Tainted Test opener Sharjeel Khan completed a 30-month ban for spot-fixing on Sunday but Pakistan Cricket Board has made it clear that he has to accept his wrongdoing and attend Anti-Corruption rehabilitation program before resuming his career.
Sharjeel was banned from all forms of cricket for five years in August 2017 for his role in the spot-fixing scandal that marred Pakistan Super League (PSL) earlier that year but the PCB's Anti-Corruption Tribunal had said half of his ban would remain suspended.
Sharjeel, playing for the Islamabad United franchise, was found guilty by the PCB's Anti-Corruption Tribunal headed by Lt General (retired) Tauqir Zia, along with other players like Khalid Latif, Muhammad Irfan, Muhammad Nawaz, Nasir Jamshed, and Shahzaib Hasan.
A PCB official said Sharjeel could be allowed to resume playing as soon as September in the Quaid-e-Azam Trophy but he has to first admit his involvement in the spot-fixing and apologise for his actions.
He recalled that Salman Butt and Muhammad Asif had to do the same when their spot-fixing bans expired in 2015.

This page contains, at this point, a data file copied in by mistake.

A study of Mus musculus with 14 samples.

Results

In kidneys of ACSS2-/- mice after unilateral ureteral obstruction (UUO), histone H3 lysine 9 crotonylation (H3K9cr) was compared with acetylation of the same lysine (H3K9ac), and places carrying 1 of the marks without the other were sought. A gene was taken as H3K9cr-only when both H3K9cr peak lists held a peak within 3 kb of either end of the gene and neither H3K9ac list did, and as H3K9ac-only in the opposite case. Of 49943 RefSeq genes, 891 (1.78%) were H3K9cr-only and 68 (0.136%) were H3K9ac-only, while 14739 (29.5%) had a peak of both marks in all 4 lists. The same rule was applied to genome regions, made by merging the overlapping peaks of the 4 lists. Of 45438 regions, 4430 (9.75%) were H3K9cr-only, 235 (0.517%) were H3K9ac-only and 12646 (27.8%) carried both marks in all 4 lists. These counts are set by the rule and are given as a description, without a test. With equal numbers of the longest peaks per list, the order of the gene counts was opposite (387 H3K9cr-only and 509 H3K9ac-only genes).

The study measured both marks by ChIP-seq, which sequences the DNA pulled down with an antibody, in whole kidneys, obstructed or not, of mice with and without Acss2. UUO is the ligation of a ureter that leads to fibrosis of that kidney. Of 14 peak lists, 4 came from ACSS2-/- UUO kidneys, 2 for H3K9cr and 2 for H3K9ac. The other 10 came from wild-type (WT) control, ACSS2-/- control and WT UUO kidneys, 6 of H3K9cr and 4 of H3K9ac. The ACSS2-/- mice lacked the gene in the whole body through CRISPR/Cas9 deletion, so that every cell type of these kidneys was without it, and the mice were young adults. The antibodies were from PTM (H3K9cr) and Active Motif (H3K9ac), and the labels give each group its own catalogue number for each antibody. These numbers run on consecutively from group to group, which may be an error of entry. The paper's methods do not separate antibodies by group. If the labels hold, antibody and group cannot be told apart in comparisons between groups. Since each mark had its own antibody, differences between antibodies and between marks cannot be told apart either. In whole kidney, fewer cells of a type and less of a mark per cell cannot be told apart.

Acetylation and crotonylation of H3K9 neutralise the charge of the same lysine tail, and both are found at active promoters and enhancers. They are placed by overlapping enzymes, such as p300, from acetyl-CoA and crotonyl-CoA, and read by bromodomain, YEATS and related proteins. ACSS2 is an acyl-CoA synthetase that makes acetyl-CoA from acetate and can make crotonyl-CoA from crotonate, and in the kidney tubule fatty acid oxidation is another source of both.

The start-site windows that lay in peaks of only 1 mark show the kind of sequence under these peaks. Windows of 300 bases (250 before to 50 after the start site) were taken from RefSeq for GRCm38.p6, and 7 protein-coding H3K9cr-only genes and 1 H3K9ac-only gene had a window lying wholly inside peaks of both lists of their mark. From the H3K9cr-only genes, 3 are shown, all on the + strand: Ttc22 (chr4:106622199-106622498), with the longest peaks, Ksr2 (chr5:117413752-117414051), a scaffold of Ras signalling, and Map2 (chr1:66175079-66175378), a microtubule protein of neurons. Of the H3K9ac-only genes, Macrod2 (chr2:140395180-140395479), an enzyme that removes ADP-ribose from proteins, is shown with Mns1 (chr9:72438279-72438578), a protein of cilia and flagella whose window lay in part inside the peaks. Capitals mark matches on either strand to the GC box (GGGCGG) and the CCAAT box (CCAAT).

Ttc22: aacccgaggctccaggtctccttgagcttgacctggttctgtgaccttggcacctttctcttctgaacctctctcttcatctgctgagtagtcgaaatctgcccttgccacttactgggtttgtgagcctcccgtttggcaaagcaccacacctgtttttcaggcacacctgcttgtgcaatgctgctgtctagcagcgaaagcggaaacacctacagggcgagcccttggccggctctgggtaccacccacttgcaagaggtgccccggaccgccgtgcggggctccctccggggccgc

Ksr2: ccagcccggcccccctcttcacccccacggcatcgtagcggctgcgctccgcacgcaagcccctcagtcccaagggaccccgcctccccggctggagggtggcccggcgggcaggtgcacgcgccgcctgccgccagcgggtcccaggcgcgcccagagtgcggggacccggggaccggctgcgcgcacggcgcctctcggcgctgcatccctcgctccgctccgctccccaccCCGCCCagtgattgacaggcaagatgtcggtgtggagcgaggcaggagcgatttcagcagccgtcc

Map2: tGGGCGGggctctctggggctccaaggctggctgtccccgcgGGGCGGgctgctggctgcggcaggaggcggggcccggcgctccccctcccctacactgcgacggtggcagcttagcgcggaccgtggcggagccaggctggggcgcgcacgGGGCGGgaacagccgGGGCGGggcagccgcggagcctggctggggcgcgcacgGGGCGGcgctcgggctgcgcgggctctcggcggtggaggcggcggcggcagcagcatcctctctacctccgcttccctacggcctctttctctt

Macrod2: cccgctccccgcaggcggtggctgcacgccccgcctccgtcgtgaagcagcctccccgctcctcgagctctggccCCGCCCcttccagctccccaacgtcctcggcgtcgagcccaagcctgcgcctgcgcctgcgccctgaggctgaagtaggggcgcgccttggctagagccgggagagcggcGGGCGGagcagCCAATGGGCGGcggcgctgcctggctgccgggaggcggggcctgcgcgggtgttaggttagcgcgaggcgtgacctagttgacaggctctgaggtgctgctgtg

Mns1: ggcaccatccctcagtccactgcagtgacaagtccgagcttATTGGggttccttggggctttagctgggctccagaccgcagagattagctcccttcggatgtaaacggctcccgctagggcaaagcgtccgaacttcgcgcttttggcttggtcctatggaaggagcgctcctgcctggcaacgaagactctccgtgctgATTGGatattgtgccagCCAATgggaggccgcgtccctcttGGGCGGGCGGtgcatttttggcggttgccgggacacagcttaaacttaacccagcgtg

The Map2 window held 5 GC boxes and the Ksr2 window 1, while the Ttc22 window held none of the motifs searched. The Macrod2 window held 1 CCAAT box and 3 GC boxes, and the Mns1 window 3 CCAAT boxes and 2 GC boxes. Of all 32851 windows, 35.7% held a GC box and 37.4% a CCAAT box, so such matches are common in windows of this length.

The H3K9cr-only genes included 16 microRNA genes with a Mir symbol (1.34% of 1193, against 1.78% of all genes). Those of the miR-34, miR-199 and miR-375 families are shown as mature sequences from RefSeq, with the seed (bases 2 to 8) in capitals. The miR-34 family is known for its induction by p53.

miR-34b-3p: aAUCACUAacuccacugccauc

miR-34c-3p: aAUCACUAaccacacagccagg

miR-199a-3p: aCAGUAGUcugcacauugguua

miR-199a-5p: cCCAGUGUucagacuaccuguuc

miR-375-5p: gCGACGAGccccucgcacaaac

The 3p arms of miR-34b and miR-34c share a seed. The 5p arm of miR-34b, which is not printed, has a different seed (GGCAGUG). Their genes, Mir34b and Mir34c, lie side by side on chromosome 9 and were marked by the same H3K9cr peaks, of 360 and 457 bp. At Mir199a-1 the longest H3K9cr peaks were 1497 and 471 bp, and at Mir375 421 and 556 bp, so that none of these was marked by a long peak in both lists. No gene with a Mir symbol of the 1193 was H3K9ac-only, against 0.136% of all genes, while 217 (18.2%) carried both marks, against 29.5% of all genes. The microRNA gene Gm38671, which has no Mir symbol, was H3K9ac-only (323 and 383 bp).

Sharjeel's lawyer Shaighan Ejaz said they had already written to the PCB that his client was ready to undergo the rehabilitation process so that he can return to playing cricket.
Asked about the particular provision under which Sharjeel will have admit his crime and make a public apology, Ejaz said the rehabilitation programme itself contained a clause which said a player can only be allowed to attend it if he is deemed to have admitted his mistake and shown remorse for his actions.
"Sharjeel wants to play cricket again and once we get an answer from the PCB, we will see where things stand," he said.
Sources close to Sharjeel said he has accepted the five charges laid out against him but is reluctant to admit that he committed spot-fixing or derived any financial benefits from it.